Espresso 101: What is it?
Many know espresso as a cranial kickstart. And for some, it's a daily delicacy, the elixir of life itself. To others, though, it's just a mystery. If you spell espresso with an "x", you can't tell a frapp from a capp, or when I say "demi", you think "Moore", you may be in this category. But don't let that get you down – we've got a quick fix.
This beginner's guide to making espresso is for you. You're already into coffee and you're intrigued by espresso, but you don't yet know the full scoop. Read on and we'll take you from sea-level to the summit of geekdom. Welcome, adventurer, to the exciting, ever-caffeinated world of espresso.
More than any other means of coffee-making, espresso is sorely misunderstood. Common vernacular might lead you to think that it's a special bean, a unique roast, or just really, really strong coffee. But it's not so mystical. Espresso is simply a coffee beverage that's prepared by its own method, just like poured-over and french-pressed coffee are different because of the means by which they're made. Same beans and same idea, but new gear and terrific, new taste.
So how does it happen? A "shot" of espresso, as its called, is the result of finely ground coffee meeting hot water under high pressure. The increased pressure shortens extraction time (compared to brewed coffee), dissolves more coffee solids, and emulsifies oils. This intensifies the flavor, thickens the body, and adorns the espresso with a distinctive layer of "crema". A good shot will be robust yet balanced, and never too bitter.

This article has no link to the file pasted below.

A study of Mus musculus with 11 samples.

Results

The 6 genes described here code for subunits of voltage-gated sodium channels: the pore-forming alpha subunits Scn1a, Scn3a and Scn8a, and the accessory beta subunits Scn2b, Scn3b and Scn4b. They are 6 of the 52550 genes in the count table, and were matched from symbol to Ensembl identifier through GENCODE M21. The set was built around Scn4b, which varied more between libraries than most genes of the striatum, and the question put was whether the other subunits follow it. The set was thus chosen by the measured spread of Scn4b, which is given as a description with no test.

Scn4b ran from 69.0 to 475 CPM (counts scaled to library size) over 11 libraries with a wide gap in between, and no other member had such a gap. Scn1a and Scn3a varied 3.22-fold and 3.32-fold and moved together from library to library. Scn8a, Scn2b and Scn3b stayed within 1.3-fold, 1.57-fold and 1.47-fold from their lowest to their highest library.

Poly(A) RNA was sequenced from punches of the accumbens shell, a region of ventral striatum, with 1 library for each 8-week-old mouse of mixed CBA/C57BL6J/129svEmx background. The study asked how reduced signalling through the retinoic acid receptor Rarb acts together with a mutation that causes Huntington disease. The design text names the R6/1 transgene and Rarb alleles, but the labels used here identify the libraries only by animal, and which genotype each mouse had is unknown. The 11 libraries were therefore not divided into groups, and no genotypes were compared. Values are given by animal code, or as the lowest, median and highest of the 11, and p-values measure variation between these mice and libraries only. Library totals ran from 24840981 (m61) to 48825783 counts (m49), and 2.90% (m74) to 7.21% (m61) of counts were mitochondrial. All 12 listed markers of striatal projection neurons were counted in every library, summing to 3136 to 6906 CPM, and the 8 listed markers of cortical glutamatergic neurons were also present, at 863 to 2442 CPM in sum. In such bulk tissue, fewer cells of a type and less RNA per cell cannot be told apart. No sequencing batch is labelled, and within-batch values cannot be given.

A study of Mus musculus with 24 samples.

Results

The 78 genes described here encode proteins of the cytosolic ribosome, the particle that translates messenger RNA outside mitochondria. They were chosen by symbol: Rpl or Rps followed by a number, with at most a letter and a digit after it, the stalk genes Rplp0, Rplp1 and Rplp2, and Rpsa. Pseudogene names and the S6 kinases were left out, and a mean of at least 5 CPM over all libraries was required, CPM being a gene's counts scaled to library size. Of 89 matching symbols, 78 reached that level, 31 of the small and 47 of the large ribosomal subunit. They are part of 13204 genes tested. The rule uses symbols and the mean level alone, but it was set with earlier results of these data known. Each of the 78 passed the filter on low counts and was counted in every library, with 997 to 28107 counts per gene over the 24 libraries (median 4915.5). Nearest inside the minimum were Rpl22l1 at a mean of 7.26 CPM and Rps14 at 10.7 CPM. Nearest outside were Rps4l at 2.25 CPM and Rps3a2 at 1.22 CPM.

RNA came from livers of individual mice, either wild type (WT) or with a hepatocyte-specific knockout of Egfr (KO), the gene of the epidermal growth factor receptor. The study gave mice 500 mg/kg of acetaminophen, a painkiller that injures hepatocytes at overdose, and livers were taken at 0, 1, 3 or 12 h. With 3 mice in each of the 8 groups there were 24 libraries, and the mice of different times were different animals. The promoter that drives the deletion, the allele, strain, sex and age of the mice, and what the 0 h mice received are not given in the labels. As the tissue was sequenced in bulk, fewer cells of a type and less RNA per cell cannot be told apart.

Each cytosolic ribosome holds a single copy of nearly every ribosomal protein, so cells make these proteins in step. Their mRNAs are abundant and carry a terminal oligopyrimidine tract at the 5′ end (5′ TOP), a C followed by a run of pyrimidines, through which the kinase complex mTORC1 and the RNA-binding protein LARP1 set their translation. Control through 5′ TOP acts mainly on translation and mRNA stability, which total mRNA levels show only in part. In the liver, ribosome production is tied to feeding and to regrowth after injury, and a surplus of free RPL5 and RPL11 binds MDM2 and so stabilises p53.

Like your favorite spirits, espresso packs a punch and is, necessarily, served in small portions: 1-2 ounces at a time or watch out! It's often enjoyed with steamed milk – and sometimes flavored syrups – in drinks like cappuccinos and lattes. Espresso service is the staple of coffeehouses, as it has been for decades.
It's been around for that long? Sissignore! The first espresso machine was manufactured at the beginning of the twentieth century, when an Italian inventor wanted a way to prepare coffee "expressly" for customers, one at a time. Over a century later, his patented prototype has taken new forms, gone global, and birthed an entire industry.
Espresso is prepared a little differently, nowadays; advancements in technology have made this expensive culinary endeavor approachable as a hobby. Doing it yourself isn't rocket science or second-rate. With a little know-how, real, tasty espresso can be made right at home.